Hoteliers oppose proposed tourist tax for Algarve
The Algarve Municipalities Association (AMAL) is looking to introduce a ‘regional tourist tax’ in 2023, a proposal which is far from consensual among those in the tourism sector. Hoteliers fear its impact as Europe’s economic crisis deepens and threatens the sector, while Algarve tourism boss João Fernandes questions whether now is the “right time” to be reviving this topic.
The idea started being reported last week but has been officially confirmed by AMAL boss and Olhão mayor António Pina this week.
At the moment, only Faro and Vila Real de Santo António charge visitors a tourist tax in the Algarve. The plan is to extend the measure to any other borough that agrees with it, charging tourists €2 a day up to a maximum of seven days. Children under the age of 12 will be exempt.
Moving forward with a ‘regional tourist tax’ had already been discussed in 2019, but the idea was scrapped due to the outbreak of Covid-19. However, Pina believes that now the time is right to bring the topic back to the table, although he guarantees that it will only be implemented after talks with “all partners in the tourism sector”.
“We will first talk to the tourism partners, but the intention is to apply the same fee across all municipalities,” said the AMAL boss, adding that the idea is not completely consensual among Algarve municipalities.
Silves, for example, has remained faithful to its initial stance when the idea was first pitched and continues to oppose the plan, Pina said.
“The decision is not AMAL’s, it is of each of the municipalities. AMAL is only trying to reach a consensus on the criteria for the fee’s implementation, but if there are municipalities that decide not to apply the charge, then they don’t have to,” he stressed.
It has been suggested that the visitor levy could bring in around €30 million a year, which would then be spent in improvements to infrastructure and services across the Algarve.
“We are considering the creation of a Regional Fund that could be used to promote the region, as well as replenishing beaches with sand, or even issues related to Civil Protection,” such as wildfire prevention, he said.
The local authority also said that the value “has not yet been defined” but added that “€2 would be a fair amount, similar to what happens in the municipality of Lisbon”.
“The issue is still being discussed and, in my opinion, the fee should be the same across the region and come into force next year,” concluded António Pina.
Portimão mayor Isilda Gomes has already thrown her support behind the idea, saying that the municipality plans to go ahead with the ‘tourist tax’.
She also said she is “fully in agreement” with the €2 charge per person and per overnight stay.
“It is a fallacy to say that by charging this fee, fewer tourists will come,” the mayor told Lusa news agency.
However, the idea has not been well received in the tourism sector, particularly among hoteliers.
Speaking to SIC television news, Mário Azevedo Ferreira from the Algarve hoteliers’ association (AHETA) fiercely opposed the idea.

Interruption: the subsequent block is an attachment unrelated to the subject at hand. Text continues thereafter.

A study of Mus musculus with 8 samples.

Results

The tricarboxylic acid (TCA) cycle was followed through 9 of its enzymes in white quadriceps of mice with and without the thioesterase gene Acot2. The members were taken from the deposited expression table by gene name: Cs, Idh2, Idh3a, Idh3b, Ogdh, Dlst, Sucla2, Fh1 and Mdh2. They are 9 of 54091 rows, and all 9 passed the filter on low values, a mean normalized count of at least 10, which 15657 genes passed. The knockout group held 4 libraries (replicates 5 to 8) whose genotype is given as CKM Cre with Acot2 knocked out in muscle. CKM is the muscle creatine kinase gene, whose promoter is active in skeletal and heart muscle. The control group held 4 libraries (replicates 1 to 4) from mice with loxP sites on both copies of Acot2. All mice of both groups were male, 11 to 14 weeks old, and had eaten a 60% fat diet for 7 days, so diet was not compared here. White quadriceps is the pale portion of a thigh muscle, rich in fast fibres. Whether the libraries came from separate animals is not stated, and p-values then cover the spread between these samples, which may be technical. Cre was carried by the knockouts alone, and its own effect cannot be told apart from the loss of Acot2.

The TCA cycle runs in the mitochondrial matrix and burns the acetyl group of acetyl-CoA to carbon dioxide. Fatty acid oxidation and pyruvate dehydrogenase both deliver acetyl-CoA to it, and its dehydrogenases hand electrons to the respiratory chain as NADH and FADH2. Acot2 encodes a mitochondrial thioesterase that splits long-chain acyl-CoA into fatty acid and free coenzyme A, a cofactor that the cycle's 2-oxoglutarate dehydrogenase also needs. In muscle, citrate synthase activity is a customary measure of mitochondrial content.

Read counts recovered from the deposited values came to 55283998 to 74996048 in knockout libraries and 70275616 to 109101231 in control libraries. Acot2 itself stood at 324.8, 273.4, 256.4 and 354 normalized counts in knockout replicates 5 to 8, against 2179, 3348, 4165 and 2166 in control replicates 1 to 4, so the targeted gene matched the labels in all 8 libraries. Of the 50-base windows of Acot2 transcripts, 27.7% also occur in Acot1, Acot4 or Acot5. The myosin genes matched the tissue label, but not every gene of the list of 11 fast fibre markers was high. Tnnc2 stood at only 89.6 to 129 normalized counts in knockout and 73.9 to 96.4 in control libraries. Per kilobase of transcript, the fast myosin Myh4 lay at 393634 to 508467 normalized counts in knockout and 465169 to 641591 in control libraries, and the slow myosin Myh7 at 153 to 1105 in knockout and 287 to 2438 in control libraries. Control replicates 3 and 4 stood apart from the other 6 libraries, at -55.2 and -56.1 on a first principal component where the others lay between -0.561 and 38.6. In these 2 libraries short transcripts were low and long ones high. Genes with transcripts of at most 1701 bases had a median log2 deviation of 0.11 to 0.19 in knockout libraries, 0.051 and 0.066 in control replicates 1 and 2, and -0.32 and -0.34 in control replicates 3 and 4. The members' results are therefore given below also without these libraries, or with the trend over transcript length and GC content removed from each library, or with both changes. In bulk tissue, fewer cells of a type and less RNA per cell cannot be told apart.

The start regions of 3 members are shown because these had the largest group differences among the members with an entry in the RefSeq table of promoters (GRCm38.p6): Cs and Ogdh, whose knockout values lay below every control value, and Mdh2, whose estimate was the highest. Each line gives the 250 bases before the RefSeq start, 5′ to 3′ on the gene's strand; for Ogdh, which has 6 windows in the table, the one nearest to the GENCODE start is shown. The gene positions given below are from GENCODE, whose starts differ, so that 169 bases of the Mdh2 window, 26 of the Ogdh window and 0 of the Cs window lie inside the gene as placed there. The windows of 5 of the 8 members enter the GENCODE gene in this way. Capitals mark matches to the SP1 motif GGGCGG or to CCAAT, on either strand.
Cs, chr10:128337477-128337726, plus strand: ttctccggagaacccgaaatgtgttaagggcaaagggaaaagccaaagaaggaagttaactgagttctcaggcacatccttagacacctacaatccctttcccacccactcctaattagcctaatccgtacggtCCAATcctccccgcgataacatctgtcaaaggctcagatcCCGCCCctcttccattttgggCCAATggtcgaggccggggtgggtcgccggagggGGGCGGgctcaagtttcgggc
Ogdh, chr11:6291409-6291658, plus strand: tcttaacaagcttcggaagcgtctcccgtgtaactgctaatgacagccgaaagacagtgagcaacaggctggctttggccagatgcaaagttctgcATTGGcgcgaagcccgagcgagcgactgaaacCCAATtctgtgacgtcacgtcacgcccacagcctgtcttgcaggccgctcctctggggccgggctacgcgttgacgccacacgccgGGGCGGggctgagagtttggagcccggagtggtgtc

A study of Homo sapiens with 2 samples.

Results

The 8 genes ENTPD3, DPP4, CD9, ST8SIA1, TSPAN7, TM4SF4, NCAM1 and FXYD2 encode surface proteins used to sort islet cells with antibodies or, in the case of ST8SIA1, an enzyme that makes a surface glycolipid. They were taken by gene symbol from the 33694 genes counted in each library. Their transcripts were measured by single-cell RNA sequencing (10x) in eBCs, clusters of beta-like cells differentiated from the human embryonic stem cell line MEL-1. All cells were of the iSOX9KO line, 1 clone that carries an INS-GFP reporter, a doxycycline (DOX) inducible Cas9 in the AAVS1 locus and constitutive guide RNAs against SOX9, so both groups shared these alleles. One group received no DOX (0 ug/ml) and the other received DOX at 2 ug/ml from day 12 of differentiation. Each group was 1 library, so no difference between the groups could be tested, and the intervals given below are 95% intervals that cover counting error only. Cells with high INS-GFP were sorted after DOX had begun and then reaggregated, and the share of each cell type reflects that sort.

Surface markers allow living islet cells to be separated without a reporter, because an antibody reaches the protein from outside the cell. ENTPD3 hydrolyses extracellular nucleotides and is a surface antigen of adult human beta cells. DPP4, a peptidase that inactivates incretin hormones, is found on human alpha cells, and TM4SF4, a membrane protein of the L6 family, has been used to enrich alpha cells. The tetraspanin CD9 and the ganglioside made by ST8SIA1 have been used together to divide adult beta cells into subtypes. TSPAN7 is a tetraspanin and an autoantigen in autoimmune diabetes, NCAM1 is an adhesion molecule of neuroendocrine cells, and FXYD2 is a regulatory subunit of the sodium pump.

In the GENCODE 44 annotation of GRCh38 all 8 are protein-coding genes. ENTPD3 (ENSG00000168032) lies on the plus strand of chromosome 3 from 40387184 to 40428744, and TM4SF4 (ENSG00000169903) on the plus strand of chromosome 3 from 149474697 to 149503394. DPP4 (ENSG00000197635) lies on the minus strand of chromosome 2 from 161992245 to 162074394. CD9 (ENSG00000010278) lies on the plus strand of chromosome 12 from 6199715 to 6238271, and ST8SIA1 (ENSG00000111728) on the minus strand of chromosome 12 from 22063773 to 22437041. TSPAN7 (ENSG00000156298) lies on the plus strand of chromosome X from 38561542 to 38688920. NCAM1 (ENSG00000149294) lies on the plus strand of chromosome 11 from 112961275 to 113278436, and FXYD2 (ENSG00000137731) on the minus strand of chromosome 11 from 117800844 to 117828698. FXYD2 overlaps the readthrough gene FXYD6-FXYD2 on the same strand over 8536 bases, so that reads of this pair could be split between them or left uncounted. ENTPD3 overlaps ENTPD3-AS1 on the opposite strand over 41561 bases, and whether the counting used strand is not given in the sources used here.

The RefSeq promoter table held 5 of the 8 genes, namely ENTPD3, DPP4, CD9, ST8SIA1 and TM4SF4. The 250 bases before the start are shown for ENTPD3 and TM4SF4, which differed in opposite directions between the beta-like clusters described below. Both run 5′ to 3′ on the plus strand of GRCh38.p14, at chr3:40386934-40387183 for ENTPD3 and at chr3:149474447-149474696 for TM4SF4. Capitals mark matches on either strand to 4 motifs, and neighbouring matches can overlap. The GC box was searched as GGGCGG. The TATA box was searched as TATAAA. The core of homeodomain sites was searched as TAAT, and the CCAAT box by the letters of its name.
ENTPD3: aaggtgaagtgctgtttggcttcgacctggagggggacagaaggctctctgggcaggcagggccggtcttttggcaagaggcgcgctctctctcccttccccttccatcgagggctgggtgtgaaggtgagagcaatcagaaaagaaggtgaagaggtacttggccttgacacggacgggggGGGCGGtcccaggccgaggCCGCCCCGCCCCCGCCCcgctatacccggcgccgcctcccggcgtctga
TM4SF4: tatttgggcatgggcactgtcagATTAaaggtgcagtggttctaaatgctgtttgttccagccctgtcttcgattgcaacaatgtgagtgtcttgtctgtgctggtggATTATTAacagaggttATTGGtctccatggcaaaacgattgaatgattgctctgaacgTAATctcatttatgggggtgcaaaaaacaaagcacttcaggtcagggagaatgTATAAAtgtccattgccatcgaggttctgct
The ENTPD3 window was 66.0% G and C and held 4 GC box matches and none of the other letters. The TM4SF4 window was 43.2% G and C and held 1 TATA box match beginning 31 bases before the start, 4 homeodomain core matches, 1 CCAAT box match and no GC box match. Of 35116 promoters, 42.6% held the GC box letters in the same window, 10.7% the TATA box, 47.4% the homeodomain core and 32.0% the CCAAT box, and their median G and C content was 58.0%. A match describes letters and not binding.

“Companies are already being forced to reflect the effects of the energy costs, inflation and the price of raw materials on the prices they charge,” he said, adding that the introduction of a ‘tourist tax’ at this time would have a “negative impact”.
“I dare say that, in general, companies do not agree with it and are very concerned,” added Azevedo Ferreira.
João Fernandes, president of the Algarve Tourism Board (RTA) and Algarve Tourism Association (ATA), has shared a more moderate point of view. While he does not completely oppose the idea, Fernandes questions whether now is the right time to introduce the additional charge.
“It does not seem like the best time to be returning to this topic, having just emerged from a two-year crisis of losses and with a new year approaching filled with uncertainties and alarming signs of inflation and economic stagnation, with an impact on rising production costs for companies and shrinking purchasing power of Portuguese and foreign consumers (which is particularly serious in our main markets, the UK and Germany),” Fernandes told the Resident.
He also said that RTA, along with hotel associations AIHSA and AHETA, had already pitched a series of measures to AMAL when the idea was first floated in 2019.
“At the time, we stressed that the impact of introducing a tourist tax on the competitiveness of a destination is not the same in a seasonal destination aimed at families (like the Algarve), as opposed to a city destination, where stays are shorter and tourists travel alone or in smaller groups,” Fernandes said.
“That is why our proposal pitched exemptions for under-15s, for stays of more than five days and different fees for the high and low seasons, to avoid the discouraging effect that the levy would have on families during longer stays and during the low season.”
The tourism sector also suggested the creation of a commission, which would bring together Algarve boroughs along with RTA, ATA, AHETA and AIHSA, to discuss how the revenue from the tax would be spent each year.
He also said that a municipal tax must also provide benefits to those who pay it, so that it is not seen as a government tax. Fernandes provided the example of Lisbon, where the municipal tourism tax revenue goes into the Lisbon Tourism Development Fund, used to promote the sector within the municipality’s sustainable growth strategy.
However, Fernandes revealed that a meeting is due to take place with AMAL to discuss RTA’s proposals further.